Strangeways: 25 Years On

01/04/2015 08:37:00

Half of all men (49.7%) at HMP Manchester (Strangeways) are held two to a cell designed for one, a new Prison Reform Trust report reveals.

Almost one quarter (23.6%) of people held across the prison estate in England and Wales are in so-called “doubled accommodation”.

Twenty five years after the Strangeways riot began on 1 April 1990, chronic overcrowding driven by a near doubling of the prison population over the past two decades continues to undermine standards of decency in prisons and restrict opportunities for rehabilitation, the report says.

Half of people released from prison reoffend within one year of release; rising to 60% for those serving sentences of 12 months or less.

When the Strangeways riot began the prison population was 45,000; today it stands at 84,000.[3] England and Wales now has the highest rate of imprisonment in Western Europe, imprisoning 149 people for every 100,000. At the end of February 2015, 71 of the 118 prisons in England and Wales were overcrowded.

Successive governments have poured taxpayers’ money into expensive prison building programmes while closing smaller prisons and opening vast prisons in order to meet the demands of a growing prison population.  More than four in 10 prisoners are now held in supersized jails of over 1,000 or more. HMP Manchester currently holds 1,114 men.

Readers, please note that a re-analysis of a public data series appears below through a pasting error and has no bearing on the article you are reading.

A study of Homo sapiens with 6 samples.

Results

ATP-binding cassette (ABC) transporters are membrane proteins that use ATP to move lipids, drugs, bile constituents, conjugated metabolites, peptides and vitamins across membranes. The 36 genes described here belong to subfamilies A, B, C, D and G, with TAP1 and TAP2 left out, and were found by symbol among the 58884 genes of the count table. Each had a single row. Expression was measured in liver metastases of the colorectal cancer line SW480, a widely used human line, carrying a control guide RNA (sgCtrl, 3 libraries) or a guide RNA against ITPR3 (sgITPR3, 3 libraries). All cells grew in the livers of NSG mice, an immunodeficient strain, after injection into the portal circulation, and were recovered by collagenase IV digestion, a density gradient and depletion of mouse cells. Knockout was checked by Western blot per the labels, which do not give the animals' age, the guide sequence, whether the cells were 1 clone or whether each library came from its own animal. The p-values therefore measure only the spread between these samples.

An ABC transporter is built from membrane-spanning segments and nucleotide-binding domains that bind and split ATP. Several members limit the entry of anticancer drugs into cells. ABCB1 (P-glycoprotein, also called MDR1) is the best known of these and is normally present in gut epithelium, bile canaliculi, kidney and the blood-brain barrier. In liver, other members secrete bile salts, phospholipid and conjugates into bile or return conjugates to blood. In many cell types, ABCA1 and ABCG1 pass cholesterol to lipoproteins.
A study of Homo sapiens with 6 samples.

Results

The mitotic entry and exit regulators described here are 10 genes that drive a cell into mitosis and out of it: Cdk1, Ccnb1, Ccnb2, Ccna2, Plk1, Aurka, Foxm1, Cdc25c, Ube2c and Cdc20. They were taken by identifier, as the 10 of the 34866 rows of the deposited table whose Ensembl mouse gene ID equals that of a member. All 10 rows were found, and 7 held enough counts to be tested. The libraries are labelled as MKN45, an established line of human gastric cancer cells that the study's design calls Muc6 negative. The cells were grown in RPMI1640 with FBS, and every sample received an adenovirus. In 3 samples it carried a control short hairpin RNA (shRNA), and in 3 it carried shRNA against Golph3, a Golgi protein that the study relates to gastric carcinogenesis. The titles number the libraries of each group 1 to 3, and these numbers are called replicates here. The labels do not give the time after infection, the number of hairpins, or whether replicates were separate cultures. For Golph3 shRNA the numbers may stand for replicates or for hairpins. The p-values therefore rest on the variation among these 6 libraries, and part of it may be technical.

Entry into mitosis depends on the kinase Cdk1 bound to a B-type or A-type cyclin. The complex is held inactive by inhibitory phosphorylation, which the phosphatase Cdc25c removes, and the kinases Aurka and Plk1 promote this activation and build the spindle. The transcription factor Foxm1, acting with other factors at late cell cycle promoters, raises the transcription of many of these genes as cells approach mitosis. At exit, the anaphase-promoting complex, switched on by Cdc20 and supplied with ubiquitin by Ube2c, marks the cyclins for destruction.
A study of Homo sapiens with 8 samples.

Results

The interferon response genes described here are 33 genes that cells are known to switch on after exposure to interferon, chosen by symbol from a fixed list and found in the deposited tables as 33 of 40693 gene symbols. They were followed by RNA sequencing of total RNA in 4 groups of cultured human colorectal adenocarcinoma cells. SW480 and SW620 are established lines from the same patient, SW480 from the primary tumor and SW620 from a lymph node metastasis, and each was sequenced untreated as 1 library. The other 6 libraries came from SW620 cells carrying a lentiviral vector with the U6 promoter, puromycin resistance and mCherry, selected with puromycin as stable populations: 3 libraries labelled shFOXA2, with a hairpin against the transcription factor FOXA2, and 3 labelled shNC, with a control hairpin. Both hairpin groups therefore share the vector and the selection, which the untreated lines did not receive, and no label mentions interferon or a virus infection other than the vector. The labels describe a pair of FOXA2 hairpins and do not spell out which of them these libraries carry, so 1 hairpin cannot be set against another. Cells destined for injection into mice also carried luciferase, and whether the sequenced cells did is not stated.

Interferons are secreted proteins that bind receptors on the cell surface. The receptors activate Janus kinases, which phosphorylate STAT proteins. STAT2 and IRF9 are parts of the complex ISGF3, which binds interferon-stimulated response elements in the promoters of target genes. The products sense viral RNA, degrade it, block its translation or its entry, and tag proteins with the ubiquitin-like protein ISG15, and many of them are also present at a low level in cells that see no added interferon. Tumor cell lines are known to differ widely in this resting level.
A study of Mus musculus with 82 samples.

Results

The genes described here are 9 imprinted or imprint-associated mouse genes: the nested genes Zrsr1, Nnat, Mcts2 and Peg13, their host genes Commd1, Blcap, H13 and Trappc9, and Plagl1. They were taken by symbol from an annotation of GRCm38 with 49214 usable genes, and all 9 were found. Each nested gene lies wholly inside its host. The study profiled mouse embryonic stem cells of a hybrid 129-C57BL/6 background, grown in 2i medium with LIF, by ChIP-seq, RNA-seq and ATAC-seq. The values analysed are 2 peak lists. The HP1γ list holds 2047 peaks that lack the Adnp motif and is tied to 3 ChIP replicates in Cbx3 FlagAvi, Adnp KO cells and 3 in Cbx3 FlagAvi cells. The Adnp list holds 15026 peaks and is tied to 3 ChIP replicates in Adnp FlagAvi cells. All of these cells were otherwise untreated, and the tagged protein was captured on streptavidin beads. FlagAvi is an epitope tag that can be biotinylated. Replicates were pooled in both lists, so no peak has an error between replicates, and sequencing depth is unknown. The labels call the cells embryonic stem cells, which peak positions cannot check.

The Strangeways prison riot, which left two men dead and 194 injured, was one of the most serious in British penal history. The riot took place against the background of a prison system which was perceived by prisoners as increasingly arbitrary and unfair and lacking in basic standards of decency.

Lord Woolf’s inquiry into the causes of the disturbances constituted a wide-ranging examination of conditions in Britain’s prisons and represents the most important analysis of the penal system for the past 100 years.

Lord Woolf, who now chairs the Prison Reform Trust, will deliver a lecture on the 25th anniversary of the Strangeways riot on 1 April 2015 at the Inner Temple in London.

Lord Woolf’s12 main recommendations and 204 proposals on matters of detail set out an agenda for comprehensive reform of the prison system. These included an end to “slopping out”, whereby prisoners had to urinate and defecate in buckets in their cell; the appointment of a prisons ombudsman; and the introduction of telephones on landings so prisoners could keep in closer touch with their families.

Lord Woolf also called for an enforceable limit on overcrowding and the division of prisons into smaller and more manageable secure units of 50-70 places, with no establishment exceeding 400 places.

The report assesses progress made against Lord Woolf’s 12 main recommendations for a more fair and just prison system. It says that many of the factors which contributed to the unrest have resurfaced today. Although the Prison Service is better able today to ensure control and security, this has threatened to set back decades of painstaking progress it has made to improve treatment and conditions.